Saturday, January 15, 2011

The Five Love Languages



I've heard a lot of good things about The Five Love Languages, by Gary Chapman, but up until last week I had never read it myself.

Here is a basic summary from Amazon:
Unhappiness in marriage often has a simple root cause: we speak different love languages, believes Dr. Gary Chapman. While working as a marriage counselor for more than 30 years, he identified five love languages: Words of Affirmation, Quality Time, Receiving Gifts, Acts of Service, and Physical Touch. In a friendly, often humorous style, he unpacks each one. Some husbands or wives may crave focused attention; another needs regular praise. Gifts are highly important to one spouse, while another sees fixing a leaky faucet, ironing a shirt, or cooking a meal as filling their "love tank." Some partners might find physical touch makes them feel valued: holding hands, giving back rubs, and sexual contact. Chapman illustrates each love language with real-life examples from his counseling practice.
Although I was already familiar with the concepts in this book, I greatly enjoyed getting the complete picture. As I read each chapter I could think of real-life examples of people who speak each of the love languages illustrated in the book. I can see how the information in this book, rightly used, could totally change a marriage.

One struggle I had as I read through this book was determining my own and my husband's love languages. In the book Gary Chapman explains that the easiest way to identify what love language is naturally spoken is to search for the kindnesses that are most desired. The easiest way to identify your spouses' love language is to look for the area that is most requested, or most nagged about. This is all well and good, but as I read through each of the love languages I realized that my husband and I consistently show love to each other in 4 of the 5 languages!!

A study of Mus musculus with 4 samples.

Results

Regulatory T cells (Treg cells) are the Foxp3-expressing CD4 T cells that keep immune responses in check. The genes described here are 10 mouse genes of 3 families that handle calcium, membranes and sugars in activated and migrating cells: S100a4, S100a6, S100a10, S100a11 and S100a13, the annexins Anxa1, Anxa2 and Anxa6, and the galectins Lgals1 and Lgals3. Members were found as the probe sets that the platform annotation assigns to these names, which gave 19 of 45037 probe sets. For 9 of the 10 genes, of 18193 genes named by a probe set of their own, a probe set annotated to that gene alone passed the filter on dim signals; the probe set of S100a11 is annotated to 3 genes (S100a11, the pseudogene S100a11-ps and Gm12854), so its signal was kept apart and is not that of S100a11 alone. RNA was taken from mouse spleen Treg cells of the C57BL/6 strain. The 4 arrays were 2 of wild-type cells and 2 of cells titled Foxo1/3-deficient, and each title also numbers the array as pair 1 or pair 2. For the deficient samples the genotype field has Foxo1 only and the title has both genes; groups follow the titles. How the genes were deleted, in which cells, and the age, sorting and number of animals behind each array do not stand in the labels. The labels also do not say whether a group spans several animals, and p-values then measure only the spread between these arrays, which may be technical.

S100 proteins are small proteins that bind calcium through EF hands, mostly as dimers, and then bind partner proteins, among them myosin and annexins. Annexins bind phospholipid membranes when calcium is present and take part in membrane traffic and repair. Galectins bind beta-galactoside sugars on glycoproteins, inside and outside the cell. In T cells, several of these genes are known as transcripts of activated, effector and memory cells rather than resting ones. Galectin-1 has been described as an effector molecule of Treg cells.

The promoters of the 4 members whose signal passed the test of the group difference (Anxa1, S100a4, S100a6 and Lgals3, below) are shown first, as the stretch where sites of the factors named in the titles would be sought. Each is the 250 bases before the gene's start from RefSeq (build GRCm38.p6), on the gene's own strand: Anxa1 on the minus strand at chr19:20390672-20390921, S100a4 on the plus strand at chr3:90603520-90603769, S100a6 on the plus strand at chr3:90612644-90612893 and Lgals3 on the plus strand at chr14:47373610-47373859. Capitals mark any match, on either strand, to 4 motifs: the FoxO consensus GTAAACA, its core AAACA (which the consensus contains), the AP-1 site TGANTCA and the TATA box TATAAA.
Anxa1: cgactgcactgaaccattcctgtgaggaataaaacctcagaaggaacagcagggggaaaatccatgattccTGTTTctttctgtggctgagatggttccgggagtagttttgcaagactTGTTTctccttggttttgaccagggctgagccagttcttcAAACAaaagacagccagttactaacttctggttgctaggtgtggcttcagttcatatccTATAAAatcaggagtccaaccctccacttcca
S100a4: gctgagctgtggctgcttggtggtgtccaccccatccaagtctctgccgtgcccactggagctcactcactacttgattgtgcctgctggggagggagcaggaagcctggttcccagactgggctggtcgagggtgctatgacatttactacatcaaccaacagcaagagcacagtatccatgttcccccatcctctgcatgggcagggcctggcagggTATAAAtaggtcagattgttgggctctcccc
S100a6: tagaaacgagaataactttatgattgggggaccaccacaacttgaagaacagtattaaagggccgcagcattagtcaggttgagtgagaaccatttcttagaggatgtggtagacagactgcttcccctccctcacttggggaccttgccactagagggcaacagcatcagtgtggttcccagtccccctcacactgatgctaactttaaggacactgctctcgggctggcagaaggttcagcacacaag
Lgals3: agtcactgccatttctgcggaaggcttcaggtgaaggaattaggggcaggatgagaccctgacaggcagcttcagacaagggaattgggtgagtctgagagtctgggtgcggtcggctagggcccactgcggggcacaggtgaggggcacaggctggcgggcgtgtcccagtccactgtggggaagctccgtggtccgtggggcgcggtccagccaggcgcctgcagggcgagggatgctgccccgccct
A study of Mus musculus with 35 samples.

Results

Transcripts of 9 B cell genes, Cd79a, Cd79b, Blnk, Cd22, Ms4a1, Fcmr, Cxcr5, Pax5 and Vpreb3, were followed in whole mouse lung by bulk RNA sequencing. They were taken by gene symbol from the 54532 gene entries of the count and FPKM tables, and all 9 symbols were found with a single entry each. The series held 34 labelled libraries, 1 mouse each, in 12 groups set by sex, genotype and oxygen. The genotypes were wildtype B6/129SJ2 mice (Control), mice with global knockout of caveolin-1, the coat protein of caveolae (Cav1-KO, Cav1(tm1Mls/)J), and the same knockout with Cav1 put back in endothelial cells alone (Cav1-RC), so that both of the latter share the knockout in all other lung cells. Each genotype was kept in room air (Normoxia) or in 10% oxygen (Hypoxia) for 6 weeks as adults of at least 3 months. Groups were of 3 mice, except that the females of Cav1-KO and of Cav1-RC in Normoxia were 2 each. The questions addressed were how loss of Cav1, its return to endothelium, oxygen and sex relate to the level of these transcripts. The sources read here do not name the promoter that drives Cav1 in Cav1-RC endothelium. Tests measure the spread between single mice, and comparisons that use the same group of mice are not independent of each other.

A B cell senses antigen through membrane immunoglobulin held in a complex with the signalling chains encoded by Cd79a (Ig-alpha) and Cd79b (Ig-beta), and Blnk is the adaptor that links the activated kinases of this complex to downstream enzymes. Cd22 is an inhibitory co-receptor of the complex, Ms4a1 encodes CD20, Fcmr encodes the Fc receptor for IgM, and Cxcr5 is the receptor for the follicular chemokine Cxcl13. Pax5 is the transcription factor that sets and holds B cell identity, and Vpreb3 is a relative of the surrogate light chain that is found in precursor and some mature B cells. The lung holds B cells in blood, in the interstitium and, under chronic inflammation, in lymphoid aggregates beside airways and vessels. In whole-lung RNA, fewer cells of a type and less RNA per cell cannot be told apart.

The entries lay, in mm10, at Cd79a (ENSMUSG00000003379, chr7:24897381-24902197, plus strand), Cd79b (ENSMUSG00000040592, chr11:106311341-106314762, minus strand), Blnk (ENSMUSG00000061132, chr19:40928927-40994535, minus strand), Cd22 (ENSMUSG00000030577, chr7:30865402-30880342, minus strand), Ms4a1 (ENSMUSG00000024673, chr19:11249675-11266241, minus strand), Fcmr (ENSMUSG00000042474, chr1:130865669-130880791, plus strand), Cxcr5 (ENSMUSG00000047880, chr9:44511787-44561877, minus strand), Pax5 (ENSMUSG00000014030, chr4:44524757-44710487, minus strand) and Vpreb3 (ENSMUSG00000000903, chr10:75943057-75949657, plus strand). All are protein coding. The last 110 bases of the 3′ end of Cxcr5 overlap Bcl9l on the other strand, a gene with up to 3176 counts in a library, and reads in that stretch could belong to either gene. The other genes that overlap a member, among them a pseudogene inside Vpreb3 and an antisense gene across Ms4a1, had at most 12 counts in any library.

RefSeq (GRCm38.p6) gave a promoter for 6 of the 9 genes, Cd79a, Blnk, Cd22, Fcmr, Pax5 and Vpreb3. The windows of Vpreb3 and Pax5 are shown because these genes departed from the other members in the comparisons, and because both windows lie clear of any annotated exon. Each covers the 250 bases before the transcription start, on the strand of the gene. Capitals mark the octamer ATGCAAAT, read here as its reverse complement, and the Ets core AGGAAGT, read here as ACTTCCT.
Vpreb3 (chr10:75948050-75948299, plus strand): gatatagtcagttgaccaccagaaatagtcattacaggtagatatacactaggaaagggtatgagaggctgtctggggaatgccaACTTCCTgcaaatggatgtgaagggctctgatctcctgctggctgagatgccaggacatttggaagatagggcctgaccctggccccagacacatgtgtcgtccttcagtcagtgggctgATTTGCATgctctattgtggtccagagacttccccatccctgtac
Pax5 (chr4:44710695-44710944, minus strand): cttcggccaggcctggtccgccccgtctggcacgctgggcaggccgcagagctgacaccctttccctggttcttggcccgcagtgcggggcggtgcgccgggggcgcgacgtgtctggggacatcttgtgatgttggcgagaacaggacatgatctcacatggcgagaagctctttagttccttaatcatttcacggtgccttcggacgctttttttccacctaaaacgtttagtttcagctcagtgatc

Later in the book Gary Chapman explained that it is most difficult to determine your love language if 1) Your "Love Tank" is full, and has been as long as you can remember, or 2) if your love tank is empty and has been as long as you can remember. In either case there is very little information to draw on to figure it out. So that explains my difficulty.


My end evaluation? This is a GREAT book, and it is definitely on my recommend list. However, I will probably not be reading it with my husband for a year or two, as it will be more beneficial to us after a couple years of marriage than it is now, during our honeymoon phase.